The Social Workers Registration Act establishes a voluntary system of registration. The legislation protects the title ‘Registered Social Worker’. This means that unregistered social workers will still be able to call themselves a social worker, but will not be able to call themselves a Registered Social Worker.
Registration is an endorsement by the profession that minimum standards have been reached and continue to be maintained. Gaining registration demonstrates to clients and to potential employers that social workers are committed to professional standards for practising in a safe, competent and accountable manner backed by legislation. Over time it is expected that more employers may require registration as a condition of employment, that it will become the basic standard for all social workers in New Zealand and that it will enhance the public profile social work as a profession.
The Social Workers Registration Act sets out a broad framework for registration. It involves five key components:
- a recognised New Zealand Social Work qualification;
- a completed recognised New Zealand Social Work qualification
- currently enrolled in a recognised New Zealand Social Work qualification
- an overseas equivalent Social Work qualification
- enough practical experience to compensate for lack of a recognised New Zealand Social Work qualification
- determining whether a social worker is a fit and proper person;
- competence to practise social work;
- competence to practise social work with Maori and with different ethnic and cultural groups; and
- practical experience.
A Registered New Zealand Social Worker will need to have a ‘recognised New Zealand qualification or overseas equivalent’ (for more information see the Recognised Qualifications page).
There is provision in the Act for social workers to gain registration without holding a recognised New Zealand qualification (for more information see the Section 13 Applications page).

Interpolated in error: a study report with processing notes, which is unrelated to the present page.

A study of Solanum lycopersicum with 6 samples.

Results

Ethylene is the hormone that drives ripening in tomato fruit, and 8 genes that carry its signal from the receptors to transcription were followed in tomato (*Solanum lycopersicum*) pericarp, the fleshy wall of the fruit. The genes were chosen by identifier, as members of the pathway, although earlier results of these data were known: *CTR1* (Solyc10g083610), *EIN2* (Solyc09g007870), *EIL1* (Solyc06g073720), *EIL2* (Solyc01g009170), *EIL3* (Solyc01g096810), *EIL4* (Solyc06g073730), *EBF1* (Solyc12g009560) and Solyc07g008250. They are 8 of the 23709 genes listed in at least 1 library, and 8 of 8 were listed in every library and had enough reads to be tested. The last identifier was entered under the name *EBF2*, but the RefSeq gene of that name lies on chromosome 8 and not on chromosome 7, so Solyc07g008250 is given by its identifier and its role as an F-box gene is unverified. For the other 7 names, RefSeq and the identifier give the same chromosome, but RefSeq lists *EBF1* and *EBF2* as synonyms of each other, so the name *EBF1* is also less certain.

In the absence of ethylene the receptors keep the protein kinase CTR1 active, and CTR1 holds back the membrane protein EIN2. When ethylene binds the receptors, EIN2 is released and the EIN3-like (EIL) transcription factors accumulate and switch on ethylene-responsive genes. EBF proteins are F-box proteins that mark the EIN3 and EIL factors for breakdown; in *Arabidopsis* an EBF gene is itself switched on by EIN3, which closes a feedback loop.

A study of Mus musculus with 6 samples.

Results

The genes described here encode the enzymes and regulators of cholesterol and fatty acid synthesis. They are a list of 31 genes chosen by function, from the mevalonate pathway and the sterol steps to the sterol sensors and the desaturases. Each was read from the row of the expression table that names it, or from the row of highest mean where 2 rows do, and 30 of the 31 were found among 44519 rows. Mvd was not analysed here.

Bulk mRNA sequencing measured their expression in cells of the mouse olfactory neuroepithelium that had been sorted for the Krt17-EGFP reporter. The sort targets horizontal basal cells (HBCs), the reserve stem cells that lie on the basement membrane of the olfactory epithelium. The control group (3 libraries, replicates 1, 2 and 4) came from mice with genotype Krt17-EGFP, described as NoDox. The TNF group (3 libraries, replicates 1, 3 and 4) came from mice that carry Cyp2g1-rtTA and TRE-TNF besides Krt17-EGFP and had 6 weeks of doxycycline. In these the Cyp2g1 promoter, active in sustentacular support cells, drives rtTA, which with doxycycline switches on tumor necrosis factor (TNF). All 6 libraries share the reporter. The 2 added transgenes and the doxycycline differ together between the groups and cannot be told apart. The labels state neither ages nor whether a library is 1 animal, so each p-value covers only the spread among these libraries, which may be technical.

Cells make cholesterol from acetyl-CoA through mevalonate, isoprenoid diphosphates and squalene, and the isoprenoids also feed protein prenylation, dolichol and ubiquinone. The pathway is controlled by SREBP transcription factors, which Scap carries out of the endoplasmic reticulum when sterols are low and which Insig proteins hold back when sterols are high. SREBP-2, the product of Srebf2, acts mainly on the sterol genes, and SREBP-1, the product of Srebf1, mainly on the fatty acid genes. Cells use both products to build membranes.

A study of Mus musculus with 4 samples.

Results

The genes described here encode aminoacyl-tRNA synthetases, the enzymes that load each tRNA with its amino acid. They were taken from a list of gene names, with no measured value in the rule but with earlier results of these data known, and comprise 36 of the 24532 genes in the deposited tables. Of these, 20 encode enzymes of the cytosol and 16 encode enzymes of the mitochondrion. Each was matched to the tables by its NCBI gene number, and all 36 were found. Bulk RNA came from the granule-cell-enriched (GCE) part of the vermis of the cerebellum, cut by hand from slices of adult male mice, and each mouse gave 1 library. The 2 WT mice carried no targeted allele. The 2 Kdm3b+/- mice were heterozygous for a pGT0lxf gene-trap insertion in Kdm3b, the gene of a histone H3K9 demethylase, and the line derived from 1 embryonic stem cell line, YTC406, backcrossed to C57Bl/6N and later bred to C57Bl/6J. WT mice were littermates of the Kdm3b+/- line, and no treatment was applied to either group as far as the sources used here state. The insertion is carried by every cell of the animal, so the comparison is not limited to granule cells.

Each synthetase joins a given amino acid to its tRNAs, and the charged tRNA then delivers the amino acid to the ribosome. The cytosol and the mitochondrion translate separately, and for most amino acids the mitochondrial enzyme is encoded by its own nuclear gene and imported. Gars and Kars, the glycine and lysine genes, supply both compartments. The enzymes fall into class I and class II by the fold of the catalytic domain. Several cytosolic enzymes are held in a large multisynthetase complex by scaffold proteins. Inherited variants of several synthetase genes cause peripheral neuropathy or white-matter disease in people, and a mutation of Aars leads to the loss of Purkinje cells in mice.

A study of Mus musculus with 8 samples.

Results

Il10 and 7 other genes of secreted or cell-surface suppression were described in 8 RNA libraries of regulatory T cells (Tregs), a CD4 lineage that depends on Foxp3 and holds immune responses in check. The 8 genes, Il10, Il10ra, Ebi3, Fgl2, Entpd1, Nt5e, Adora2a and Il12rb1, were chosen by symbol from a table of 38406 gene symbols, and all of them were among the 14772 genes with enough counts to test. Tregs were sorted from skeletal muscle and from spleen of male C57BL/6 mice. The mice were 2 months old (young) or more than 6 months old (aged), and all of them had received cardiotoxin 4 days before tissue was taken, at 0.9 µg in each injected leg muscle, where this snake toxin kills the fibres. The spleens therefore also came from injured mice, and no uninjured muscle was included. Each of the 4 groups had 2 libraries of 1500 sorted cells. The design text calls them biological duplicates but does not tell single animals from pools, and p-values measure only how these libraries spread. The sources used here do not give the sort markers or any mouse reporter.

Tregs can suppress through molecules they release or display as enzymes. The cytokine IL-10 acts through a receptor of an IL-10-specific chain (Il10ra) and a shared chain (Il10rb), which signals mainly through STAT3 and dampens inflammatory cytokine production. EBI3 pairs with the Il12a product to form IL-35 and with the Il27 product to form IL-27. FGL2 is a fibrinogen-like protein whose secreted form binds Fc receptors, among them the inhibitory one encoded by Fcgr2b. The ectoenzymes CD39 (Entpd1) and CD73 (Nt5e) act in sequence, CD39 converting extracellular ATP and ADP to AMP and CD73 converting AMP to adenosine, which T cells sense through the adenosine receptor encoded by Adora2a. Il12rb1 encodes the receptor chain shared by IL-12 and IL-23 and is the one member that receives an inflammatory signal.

This will be up to employers to decide. It is conceivable that some registered social workers, because of their qualifications, practical experience and recognised competence, may be able to negotiate a premium for their services.
It will take a few years before registration becomes the basic standard expected of all social workers in New Zealand. There is likely to be an increased demand for registered social workers. The voluntary framework established by the Social Workers Registration Act tries to strike a balance between encouraging people to practise social work and protecting the public from poor social work practice.
Fees payable for registration are listed on the Fees page.
The Act allows for three different levels of registration – full, provisional and temporary.
- Full registration will be granted when all of the eligibility criteria for registration are met.
- Provisional registration will be granted to social workers who are either in the process of completing their practical experience, gaining their recognised social work qualification or who have graduate competence and are yet to complete a full competence assessment.
- Temporary registration will apply to overseas social workers who have come to practise social work in New Zealand at a particular place or institution for a limited period of time.
The Board consists of six Registered Social Workers and four other people. The Board is also representative of the social work profession (including social workers employed by non-government and government organisations), consumer advocates, social work educators, Maori and different ethnic and cultural groups.
Board members are:
- Shayne Walker RSW – Chairperson
- Sara Georgeson
- Toni Millar
- Willam Pua
- Turitea Bolstad
- Michelle Derrett RSW
- Dianne Belz-Wepa RSW
- Lisa-Marie King RSW
- Leisa Moorhouse RSW
- Shirley Ikkala RSW
Where do the Aotearoa New Zealand Association of Social Workers (ANZASW) and the Tangata Whenua Social Workers Association (TWSWA)fit with the Act?
The Social Workers Registration Board is separate from and independent of the ANZASW and the TWSWA. The Act requires the Board to consult with the social work sector on a number of matters, as it does, but does not explicitly refer to these professional associations.
Note: The text of the Social Workers Registration Act can be found online at www.legislation.govt.nz or purchased through Bennetts Bookshop in Wellington.